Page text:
The Battle of Tours was fought on 10 October 732 between the Frankish forces under Charles Martel and an invading Muslim army under the command of Abd al-Rahman al-Ghafiqi, governor of the Muslim province of Al-Andalus. Tours is in modern-day France. The Muslims had already conquered the Iberian peninsula. They were intent on taking over all of Europe.
Martel and the Franks smashed the invading army. The Muslim advance was stopped. Historians have credited the victory with preventing the complete Islamization of Europe.
France is once again under attack from Muslim forces. There is no Martel in sight. Instead, the French must rely on the stunningly incompetent and apathetic Macron.
France is on fire. Mobs responding to the shooting of a Muslim teenager who tried to run over a police officer at a traffic stop have attacked targets throughout the nation for five days now. The French have put 45,000 cops on the street, 7000 in Paris alone. Thousands have been arrested. Hundreds of police officers and firefighters have been injured.
The country’s top two police unions — the Alliance Police Nationale and UNSA Police — have issued this statement:
“Today police officers are at the front line because we are at war.”
Faced with these savage hordes, it’s no longer enough to call for calm, it must be imposed.”
“Now is not the time for industrial action but for fighting against these ‘vermin.'”
Passengers arriving at airports near Paris have found that cab drivers will no longer drive into the city, because of the level of violence. The public library in Marseilles was burned. Other structures throughout the nation have been attacked, looted, and burned. The violence is not confined to large cities. Even small French villages are under attack.
Forty-one police stations have been attacked. Gun shops have been looted. Rioters have been seen brandishing military-style rifles on the streets. One individual was seen carrying a light machine gun.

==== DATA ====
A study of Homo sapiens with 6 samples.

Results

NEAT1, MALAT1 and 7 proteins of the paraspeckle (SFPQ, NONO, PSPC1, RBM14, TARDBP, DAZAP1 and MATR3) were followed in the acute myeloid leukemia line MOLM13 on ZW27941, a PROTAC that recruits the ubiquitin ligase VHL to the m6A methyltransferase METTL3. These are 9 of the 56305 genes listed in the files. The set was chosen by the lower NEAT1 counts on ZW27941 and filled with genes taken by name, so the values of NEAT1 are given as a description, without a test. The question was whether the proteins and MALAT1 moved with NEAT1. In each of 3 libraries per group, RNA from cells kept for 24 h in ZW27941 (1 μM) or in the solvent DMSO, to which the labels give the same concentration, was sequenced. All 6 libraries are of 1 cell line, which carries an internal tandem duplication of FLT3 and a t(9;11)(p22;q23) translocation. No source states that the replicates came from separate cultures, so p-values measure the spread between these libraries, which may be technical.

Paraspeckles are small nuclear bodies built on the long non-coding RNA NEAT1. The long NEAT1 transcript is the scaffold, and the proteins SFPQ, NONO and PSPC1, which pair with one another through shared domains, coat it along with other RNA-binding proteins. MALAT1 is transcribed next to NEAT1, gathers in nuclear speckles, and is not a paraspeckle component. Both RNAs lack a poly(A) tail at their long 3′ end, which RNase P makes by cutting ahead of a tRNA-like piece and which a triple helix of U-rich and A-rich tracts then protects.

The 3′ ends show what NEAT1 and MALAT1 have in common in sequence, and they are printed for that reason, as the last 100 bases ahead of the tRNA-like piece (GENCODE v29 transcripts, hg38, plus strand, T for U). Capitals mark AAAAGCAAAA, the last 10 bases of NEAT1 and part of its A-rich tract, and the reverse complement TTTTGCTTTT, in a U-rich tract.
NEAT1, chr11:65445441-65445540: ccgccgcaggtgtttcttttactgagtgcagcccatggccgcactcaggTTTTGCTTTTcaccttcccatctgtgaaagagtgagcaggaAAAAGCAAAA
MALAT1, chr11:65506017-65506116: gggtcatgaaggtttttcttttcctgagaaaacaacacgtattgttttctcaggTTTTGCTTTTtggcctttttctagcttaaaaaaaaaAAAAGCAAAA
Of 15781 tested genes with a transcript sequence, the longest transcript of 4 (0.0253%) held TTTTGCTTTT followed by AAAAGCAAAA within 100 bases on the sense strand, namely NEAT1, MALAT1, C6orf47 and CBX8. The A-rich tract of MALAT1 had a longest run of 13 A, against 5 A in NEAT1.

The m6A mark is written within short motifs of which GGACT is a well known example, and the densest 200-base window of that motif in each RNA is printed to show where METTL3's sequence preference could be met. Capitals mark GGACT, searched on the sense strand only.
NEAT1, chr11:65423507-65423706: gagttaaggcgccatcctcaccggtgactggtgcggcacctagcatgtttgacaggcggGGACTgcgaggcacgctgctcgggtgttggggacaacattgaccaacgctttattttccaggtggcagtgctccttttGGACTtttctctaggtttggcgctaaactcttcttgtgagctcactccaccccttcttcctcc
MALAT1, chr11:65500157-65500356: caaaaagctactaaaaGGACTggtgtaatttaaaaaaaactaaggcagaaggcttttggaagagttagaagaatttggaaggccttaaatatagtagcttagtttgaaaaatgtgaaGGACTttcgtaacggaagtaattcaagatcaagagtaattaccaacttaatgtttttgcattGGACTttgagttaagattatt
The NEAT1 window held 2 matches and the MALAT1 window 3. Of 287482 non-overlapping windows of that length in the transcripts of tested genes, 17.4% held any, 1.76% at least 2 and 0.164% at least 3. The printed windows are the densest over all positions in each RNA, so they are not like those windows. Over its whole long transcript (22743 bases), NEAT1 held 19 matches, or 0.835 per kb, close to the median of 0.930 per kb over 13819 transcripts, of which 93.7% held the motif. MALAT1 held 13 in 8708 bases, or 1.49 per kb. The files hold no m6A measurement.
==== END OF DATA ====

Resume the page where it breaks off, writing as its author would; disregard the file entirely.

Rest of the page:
The mayor of a Paris suburb has said his home was attacked early Sunday morning, calling it “an assassination attempt.”
“At 1:30 a.m., while I was at the city hall like the past three nights, individuals rammed their car upon my residence before setting fire to it to burn my house, inside which my wife and my two young children slept,” said mayor Vincent Jeanbrun of L’Haÿ-les-Roses, a commune in the southern suburbs of Paris.
“While trying to protect the children and escape the attackers, my wife and one of my children were injured.”
Jeanbrun said that he had “no words strong enough to describe his emotion towards the horror of this night” and thanked police and rescue services for their help.
The Créteil prosecutor’s office has classified the incident as an “attempted murder.”
Invasion and immigration are two distinct things. Immigrants come to a new country intending to become part of its fabric and contribute to its well-being. That does not require giving up their identity, their religion, or family history. It does require dedicating yourself to your new home.
This process is not easy or quick. Poor Sicilians arriving in the United States in the early 1900s did not magically transform into Americans. They spoke no English at first. They kept to themselves. They retained habits and characteristics that set them apart at first from the broader community of Americans.
Nevertheless, over time they melded into that broader community. My own Scottish ancestors did much the same when they arrived in the mid-1700’s. They were not simply regarded as other “white people” when they landed in this country. They kept apart.
The Scots, in the view of the English, drank too much and were much too quick to resort to violence. Their women were regarded as overly forward and even lewd. Two centuries later they have lost most of that separate identity. They are simply part of the broader nation.
Large numbers of the recent immigrants to France have never gone through this process. More to the point – they have no intention of making that transition. They do not just live apart and retain their cultural identity, they openly reject any suggestion that they assimilate.
Beyond that, there is a strong current of thought, which openly demonizes the French culture around them. That culture is regarded as decadent, sinful, and deserving only of being destroyed. Not every immigrant to France shares those beliefs. Many do, and for them, the goal is not to become part of French culture but to replace it, by violence if necessary.
We call that invasion. The French have denied for a very long time that it was real. The ongoing burning of the republic presumably has dispelled any doubts.
France may not have fallen, but it is teetering on the edge.